In This Issue


Australian police have been using Clearview AI & QLD cops love it the most

Remember Clearview AI from a few weeks ago? That creepy piece of software that allowed cops to upload a still photo of someone (i.e: from CCTV footage) and find out who the person is based on the vast collection of images uploaded by unwitting people on social media? Today we have confirmation that Australian cops are all over Clearview AI and the AFP along with state forces in Queensland, Victoria and South Australia have run more than 1,000 searches. No surprises that the biggest users of Clearview AI are the Queensland cops, running over 900 searches. Love how police do this shit without consulting the community or having any sort of process to determine if it's accurate before they go around accusing people of murders or rapes based on something more than "well the computer said you did it so put your hands behind your head!".

ACMA will start fining telcos that don’t take extra steps to protect customers porting mobile numbers

It's common knowledge around most info sec circles that mobile phone numbers/SMS is a crap way to do two factor authentication. SMS 2FA is better than nothing, but because it's so easy to port someone else's number to a SIM out of their control (usually all you need is a name and date of birth) it really shouldn't be used if there's another 2FA option available. ACMA has been bugging teclos to make it more difficult to port a number to avoid these types of attacks and today has set a deadline of April 30th to comply with new rules for ID verification when porting a mobile number or face $250,000 fines for each time a number is ported without a customer's authorisation. This means telcos will have to check with the customer before their number is ported, rather than just doing it after a form is submitted.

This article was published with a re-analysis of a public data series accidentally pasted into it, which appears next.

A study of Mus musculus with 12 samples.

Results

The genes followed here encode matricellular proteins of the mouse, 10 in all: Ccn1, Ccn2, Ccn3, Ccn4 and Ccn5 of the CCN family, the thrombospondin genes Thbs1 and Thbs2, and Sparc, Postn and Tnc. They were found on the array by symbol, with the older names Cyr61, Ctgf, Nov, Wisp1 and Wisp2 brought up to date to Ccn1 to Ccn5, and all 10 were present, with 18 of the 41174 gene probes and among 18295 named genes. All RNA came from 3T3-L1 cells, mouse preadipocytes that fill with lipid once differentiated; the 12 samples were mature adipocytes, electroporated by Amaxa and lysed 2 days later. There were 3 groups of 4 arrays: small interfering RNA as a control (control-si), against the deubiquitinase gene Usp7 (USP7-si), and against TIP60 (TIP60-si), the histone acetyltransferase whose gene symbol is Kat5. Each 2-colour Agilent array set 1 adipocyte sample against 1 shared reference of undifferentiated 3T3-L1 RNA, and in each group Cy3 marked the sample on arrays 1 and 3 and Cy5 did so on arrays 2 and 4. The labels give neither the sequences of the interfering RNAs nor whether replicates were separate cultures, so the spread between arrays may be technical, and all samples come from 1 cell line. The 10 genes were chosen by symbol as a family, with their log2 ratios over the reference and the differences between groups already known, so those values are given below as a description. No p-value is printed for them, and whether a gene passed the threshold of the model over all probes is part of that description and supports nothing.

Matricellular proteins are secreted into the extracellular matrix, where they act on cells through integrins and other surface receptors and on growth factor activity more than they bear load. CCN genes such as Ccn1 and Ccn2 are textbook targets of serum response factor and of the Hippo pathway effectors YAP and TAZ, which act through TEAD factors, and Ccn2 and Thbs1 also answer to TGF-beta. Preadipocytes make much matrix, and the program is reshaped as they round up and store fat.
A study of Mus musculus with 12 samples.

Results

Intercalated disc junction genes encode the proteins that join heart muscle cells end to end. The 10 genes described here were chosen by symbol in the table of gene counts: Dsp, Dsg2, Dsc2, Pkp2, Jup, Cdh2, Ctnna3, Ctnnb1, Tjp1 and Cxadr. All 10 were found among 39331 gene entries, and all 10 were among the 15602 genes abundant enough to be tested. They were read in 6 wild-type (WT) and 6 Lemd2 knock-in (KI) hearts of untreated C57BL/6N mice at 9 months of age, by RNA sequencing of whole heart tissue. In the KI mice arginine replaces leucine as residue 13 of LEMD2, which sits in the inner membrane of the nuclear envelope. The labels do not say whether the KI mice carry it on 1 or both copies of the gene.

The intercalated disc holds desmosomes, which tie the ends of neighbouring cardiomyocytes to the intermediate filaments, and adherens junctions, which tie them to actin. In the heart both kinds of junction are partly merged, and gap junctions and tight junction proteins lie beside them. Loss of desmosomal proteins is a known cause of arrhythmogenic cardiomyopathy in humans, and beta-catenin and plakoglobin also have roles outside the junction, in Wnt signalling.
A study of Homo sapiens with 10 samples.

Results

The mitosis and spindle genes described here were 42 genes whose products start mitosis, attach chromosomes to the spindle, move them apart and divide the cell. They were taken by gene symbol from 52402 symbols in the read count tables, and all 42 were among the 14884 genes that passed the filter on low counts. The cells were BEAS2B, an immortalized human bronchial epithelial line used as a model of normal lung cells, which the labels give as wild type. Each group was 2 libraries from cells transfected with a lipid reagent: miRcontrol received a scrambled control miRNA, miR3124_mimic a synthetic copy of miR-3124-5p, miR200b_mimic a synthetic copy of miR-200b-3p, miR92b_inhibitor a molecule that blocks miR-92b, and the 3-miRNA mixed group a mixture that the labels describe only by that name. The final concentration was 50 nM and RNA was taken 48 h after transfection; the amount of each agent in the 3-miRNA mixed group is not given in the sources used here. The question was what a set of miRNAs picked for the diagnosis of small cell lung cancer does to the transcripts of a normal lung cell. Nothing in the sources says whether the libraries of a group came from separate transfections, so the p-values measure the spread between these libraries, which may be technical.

Steven Seagal fined by the SEC for not disclosing he was paid US$1m to promote an ICO

Steven Seagal (yes the dodgy action movie actor) has come to an agreement with the SEC that he will pay a US$314,000 fine and won't promote any type of security (aka investment) for three years. The reason the SEC was looking into Seagal was over his invovlement with an initial coin offering called Bitcoiin2Gen (B2G) he was paid US$250,000 cash plus US$750,000 worth of B2G to promote. It's illegal for someone to go around saying how awesome an investment is without disclosing they've been paid to promote it - a good law, but honestly if you're placing your money in a very dodgy looking ICO and the authenticity of Steven Seagal's recommendation is what gets you across the line, maybe you don't deserve that money.

Not News

USB-C chargers have faster processors than what landed people on the moon

Computers used for mundane tasks being faster than the Apollo Guidance Computer is a tired trope, but Forrest Heller has tried his best to evenly compare the grunt used to take man to the moon and the modern microprocessors used in USB-C chargers like the Anker PowerPort Atom PD 2. Yep, computers are now so cheap and so powerful, that we can use what would have been considered state of the art roughly 50 years ago to simply tell a USB-C device how much juice it can suck from a charger (I think that's what the CYPD4225 does??). You would need at least four CYPD4225 microprocessors as the Apollo 11 spacecraft had 4 computers, but yeah, you could technically use the little chip inside a USB-C charger to control a spacecraft.